Looted Art Case Defendant, 87, Is Kept Waiting by Italy’s Courts


But Mr. Hecht, whom the Italians say conspired to sell millions of dollars worth of looted art, has his denial down pat. “I have never smuggled anything out of Italy,” he says.

The longtime art dealer is a co-defendant in a case in which a mountain of photographs and documents has suggested that many of the world’s most valuable antiquities were stolen. Since November, Mr. Hecht has been standing trial in Rome, but you wouldn’t know it from sitting in the living room of his one-bedroom apartment on the Upper East Side. “I don’t find things much different,” he said in an interview yesterday.

Mr. Hecht said he meets with friends, goes to the library, and shuttles back and forth between New York and Paris, where he keeps an apartment with his wife of nearly 53 years.

Owing to Italy’s slow judicial process, Mr. Hecht’s trial has convened only six sessions since it began. Defendants in Italy are not required to attend their trials, and Mr. Hecht has been to just two of his court dates so far. Another court date is set for next month. Mr. Hecht plans to testify eventually – to “put in my two cents, even a nickel” – but he says it could be a year before he takes the stand.

Italian prosecutors are charging Mr. Hecht and his co-defendant, a former curator at the J. Paul Getty Museum, Marion True, with conspiring to traffic in dozens of stolen artifacts that wound up in the collection of the Los Angeles museum. The accusations stem from evidence amassed during a decade-long investigation of looted art that led to the 2004 conviction of an Italian dealer, Giacomo Medici.

The allegations, Mr. Hecht says, are “rather ridiculous.” He dismisses as impossible the idea proposed by investigators that many of the world’s top antiquities dealers were in cahoots with each other to shepherd antiquities to museums and private art collections from tombs in Italy, Greece, and other Mediterranean countries. “I don’t want to say there was animosity, but among the various dealers in antiquities, there is very little cooperation,” he said.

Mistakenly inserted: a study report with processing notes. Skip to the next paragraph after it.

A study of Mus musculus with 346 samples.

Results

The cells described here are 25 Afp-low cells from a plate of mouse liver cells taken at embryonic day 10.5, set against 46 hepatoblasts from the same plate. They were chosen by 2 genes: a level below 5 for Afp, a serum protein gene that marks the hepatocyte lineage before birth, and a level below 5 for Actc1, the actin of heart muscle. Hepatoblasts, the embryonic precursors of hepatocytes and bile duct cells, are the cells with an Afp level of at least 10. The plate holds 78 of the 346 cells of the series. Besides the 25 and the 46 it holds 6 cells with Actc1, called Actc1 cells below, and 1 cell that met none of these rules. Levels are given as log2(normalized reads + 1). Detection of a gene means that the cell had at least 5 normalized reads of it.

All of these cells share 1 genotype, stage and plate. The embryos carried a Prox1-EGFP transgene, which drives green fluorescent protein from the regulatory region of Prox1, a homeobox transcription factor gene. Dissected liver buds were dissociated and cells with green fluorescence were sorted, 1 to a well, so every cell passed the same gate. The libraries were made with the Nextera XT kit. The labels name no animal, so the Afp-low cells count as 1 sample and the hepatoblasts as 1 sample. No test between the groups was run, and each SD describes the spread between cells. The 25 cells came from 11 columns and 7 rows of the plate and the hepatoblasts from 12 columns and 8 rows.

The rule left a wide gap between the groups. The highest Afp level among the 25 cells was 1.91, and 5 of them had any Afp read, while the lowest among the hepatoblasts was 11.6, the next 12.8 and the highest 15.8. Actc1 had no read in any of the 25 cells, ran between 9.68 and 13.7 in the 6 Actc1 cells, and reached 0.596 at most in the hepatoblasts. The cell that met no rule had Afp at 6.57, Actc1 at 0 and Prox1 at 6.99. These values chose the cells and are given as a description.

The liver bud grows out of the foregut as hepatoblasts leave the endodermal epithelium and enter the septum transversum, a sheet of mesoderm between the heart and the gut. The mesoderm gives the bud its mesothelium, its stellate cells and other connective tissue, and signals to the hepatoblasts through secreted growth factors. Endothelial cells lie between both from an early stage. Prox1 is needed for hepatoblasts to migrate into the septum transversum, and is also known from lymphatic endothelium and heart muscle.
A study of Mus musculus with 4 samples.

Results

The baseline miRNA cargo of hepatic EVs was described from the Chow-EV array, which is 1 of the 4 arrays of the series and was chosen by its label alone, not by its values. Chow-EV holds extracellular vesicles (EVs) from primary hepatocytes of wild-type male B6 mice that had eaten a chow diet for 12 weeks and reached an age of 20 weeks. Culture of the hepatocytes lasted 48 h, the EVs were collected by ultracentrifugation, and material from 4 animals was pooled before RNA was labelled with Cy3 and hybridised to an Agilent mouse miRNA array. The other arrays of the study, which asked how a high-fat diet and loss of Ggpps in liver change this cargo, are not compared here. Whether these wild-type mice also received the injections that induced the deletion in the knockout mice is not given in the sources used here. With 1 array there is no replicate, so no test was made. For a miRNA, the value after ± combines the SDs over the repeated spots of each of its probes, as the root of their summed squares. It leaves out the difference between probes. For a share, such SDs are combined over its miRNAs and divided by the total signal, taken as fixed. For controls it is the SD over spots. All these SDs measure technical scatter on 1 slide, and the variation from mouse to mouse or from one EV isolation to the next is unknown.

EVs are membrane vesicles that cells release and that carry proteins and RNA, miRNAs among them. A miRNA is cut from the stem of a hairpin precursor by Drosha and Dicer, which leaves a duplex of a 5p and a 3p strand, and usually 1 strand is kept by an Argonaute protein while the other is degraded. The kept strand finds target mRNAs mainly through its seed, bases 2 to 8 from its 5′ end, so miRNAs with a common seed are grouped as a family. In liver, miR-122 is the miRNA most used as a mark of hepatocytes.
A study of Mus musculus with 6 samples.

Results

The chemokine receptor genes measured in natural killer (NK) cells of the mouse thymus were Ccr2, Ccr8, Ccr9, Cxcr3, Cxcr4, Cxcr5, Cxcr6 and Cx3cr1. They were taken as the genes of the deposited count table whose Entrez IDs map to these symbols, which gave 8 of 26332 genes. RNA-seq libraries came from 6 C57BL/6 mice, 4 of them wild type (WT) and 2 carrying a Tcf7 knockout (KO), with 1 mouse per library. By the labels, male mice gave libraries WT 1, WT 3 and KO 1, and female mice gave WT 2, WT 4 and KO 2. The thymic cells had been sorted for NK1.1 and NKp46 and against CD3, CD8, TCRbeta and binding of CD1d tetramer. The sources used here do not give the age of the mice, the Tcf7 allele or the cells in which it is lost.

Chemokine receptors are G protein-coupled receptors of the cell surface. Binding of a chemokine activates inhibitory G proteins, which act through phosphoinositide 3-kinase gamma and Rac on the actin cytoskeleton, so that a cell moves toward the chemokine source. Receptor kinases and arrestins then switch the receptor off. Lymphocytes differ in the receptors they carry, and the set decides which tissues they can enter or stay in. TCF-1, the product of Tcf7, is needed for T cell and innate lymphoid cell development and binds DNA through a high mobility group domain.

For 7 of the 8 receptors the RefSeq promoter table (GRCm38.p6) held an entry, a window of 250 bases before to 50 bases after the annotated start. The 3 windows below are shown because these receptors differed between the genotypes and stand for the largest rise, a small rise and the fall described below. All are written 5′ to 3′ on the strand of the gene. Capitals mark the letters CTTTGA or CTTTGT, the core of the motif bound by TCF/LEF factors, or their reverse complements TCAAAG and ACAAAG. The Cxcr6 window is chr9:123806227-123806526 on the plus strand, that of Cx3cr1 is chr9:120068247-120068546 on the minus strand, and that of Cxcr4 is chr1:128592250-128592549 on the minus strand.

Mr. Hecht maintains that, literally and figuratively, his hands are clean. “When I see proof that an object was illegally excavated, I will not touch it,” he said.

He claims not to have known the complete provenance of many of the pieces he sold, only that he bought them from dealers who were selling them legally. Yet to many leading archaeologists, even that standard is not nearly high enough. “Objects aren’t people,” the president of the Archaeological Institute of America, Jane Waldbaum, said. “People are presumed innocent until proven guilty. With objects, you don’t presume innocence if you don’t have the provenance.”

Mr. Hecht is on trial for his sales to the Getty, but his most storied deal is one he pulled off in 1972, when he sold the Euphronios krater to the Metropolitan Museum of Art for a then-record $1 million. The sale raised questions from the start, and despite investigations into the object’s origin in both Italy and New York, the Euphronios – a 2,500-year-old Greek vase – was one of the Met’s top antiquities for more than three decades.

The Italians kept pursuing the case, however, and during their investigation of Medici in the 1990s, they claim to have unearthed photographs and other evidence linking the vase to him and Mr. Hecht. In a raid of Mr. Hecht’s Paris apartment, investigators said they found a handwritten journal in which Mr. Hecht offered two separate versions of how he acquired the Euphronios. One is the account he gave the Met when he offered them the krater – that he bought the vase from a Lebanese dealer whose family had owned it since World War I. In the second story, he allegedly wrote that he purchased the Euphronios from Medici a year before he sold it to the Met.

“It’s just notes,” Mr. Hecht said of the journal, which is part of a memoir he says he has been working on for years. He explains the two versions this way: “One is true, the Lebanese story, and the other is the Italian story, which I wrote because it was amusing.”

The Italians aren’t buying Mr. Hecht’s story, and neither is the man who bought the Euphronios, Thomas Hoving, who was the Met’s director at the time. While he defended the purchase for many years, Mr. Hoving later became convinced it was stolen, and has famously labeled it the “hot pot.” Mr. Hoving says Ms. True and Mr. Hecht should try to plea bargain, since the Italians have a solid case. “They’ve nailed it totally, completely,” he said.

At least for Mr. Hecht, that’s not likely to happen. He says that to plead guilty, he would have to “rat” on other dealers, which he refuses to do. “I was not taught to betray people,” he said. “It’s not in my book of morality.”